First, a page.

The USAJOBS interface has done themselves no favors by implementing the drop-down menu shown in the way that they have. It is confusing, in that "Student (High School)" is shoved in there near the end, when the rest of the drop-down items generally follow a career path. In that path, "Student (High School)" should be first in the list, instead of what appears to be a momentary/singular attempt to alphabetize the list.
The Wikipedia entry for Subject-matter Expert, or SME, gives an appropriate general description, which is a similarly appropriate starting point in answering the question posed here: "a person who is an expert in a particular area or topic". As other people here have answered, the definition of SME in their own organizations can differ as to the specific qualifications that need to be held in order to be granted the "title" of SME, so let's turn to the US Office of Personnel Management's glossary definition of "Subject Matter Expert":
An individual within a department or agency who is thoroughly familiar
with a given topic and can provide expert input as to the appealing
aspects of a job and the skills and other qualities required of a job
In the US Government hiring in particular -- and in other large organizations that have many levels of positions and require specific expertise -- "subject matter expert" is a sort of level of position much like we often hear "entry level" or "junior" or "senior". And, much like those levels, there's room for interpretation. Someone who holds a PhD may be well on their way to being a SME, but so might a person who has worked their way through the ranks for years, regardless of degree, who is in some way known for their good work, often externally.
Again looking at the US Office of Personnel Management's words on the subject, but again recognizing that this information is applicable elsewhere, here is an example of how SME's are used within the organization for use in job analyses for other possible position openings (SMEs are also used as stakeholders in projects, and just about anything else that you could imagine someone with a lot of information and knowledge could be used for within an organization, besides their own actual tasks; SMEs are often called in as participants in other projects besides their own):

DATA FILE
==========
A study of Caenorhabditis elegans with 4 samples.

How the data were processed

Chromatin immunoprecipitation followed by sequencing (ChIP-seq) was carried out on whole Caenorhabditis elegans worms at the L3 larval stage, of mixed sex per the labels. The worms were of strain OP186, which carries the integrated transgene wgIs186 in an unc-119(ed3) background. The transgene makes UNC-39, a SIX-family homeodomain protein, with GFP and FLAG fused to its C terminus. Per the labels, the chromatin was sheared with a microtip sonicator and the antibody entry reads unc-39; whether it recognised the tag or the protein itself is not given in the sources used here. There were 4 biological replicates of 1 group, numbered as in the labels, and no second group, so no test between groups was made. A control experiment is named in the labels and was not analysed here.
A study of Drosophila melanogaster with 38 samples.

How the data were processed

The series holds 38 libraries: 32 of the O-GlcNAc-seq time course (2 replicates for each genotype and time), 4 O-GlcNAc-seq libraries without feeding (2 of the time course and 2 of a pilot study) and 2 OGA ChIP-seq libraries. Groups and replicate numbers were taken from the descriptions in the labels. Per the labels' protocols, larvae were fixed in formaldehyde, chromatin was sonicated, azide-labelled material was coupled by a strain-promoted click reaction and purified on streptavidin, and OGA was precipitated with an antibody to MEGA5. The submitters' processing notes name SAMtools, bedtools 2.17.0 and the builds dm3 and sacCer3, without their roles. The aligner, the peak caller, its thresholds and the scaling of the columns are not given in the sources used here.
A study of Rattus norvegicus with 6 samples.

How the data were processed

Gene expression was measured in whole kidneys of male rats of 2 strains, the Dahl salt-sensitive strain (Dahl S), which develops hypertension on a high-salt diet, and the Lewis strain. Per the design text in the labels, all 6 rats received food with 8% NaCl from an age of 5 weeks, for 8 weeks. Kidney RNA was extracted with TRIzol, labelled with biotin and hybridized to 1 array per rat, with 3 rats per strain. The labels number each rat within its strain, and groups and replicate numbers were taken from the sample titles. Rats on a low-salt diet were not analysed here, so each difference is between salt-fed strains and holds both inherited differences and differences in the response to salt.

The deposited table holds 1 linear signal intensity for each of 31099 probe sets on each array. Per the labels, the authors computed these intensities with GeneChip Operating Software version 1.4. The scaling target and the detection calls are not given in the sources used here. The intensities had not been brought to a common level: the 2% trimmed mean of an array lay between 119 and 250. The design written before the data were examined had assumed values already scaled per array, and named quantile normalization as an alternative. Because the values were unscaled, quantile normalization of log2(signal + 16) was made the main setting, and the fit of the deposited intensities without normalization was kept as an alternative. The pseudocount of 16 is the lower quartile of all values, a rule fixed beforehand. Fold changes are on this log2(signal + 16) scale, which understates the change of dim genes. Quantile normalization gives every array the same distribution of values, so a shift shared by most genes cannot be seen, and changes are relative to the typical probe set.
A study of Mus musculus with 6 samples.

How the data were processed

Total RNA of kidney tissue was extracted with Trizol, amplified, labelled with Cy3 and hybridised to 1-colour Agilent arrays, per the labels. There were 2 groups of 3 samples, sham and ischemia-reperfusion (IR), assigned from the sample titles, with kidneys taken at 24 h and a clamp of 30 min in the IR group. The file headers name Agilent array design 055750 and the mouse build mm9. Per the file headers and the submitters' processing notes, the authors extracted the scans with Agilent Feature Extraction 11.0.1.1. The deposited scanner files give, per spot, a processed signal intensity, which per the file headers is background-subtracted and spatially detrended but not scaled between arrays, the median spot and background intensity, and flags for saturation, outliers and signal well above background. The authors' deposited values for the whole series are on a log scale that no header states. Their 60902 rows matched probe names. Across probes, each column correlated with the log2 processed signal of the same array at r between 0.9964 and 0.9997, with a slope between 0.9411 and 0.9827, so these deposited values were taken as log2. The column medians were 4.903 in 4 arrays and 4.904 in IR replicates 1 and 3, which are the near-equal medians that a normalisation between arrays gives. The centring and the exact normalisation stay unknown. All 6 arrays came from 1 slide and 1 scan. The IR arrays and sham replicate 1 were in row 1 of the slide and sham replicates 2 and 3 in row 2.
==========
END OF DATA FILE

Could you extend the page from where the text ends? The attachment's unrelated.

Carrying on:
The term subject matter expert (SME) is properly applied to anyone who
has direct, up-to-date experience of a job and is familiar with all of
its tasks. The person might currently hold the job or supervise the
job. SMEs must provide accurate information and effectively
communicate their ideas. SMEs should rate the job tasks and
competencies for importance to successful job performance.
So, while in general use the term "Subject Matter Expert" can simply mean "the best person to judge specifics about something for which they have expertise" -- meaning, you could be the subject matter expert about cleaning the office refrigerator. In the context of labeling yourself a SME on a job application for the government or otherwise, it means you'd be easily recognizable as the top of the class, the cream of the crop, or another metaphor signifying that not only would you be able to walk in and be the expert on the topic (if that's what the job was looking for), you'd be able to judge the qualifications of others (if sitting on a hiring committee for which your domain expertise was valuable), and offer expert testimony, as Tanguerena mentions in this answer.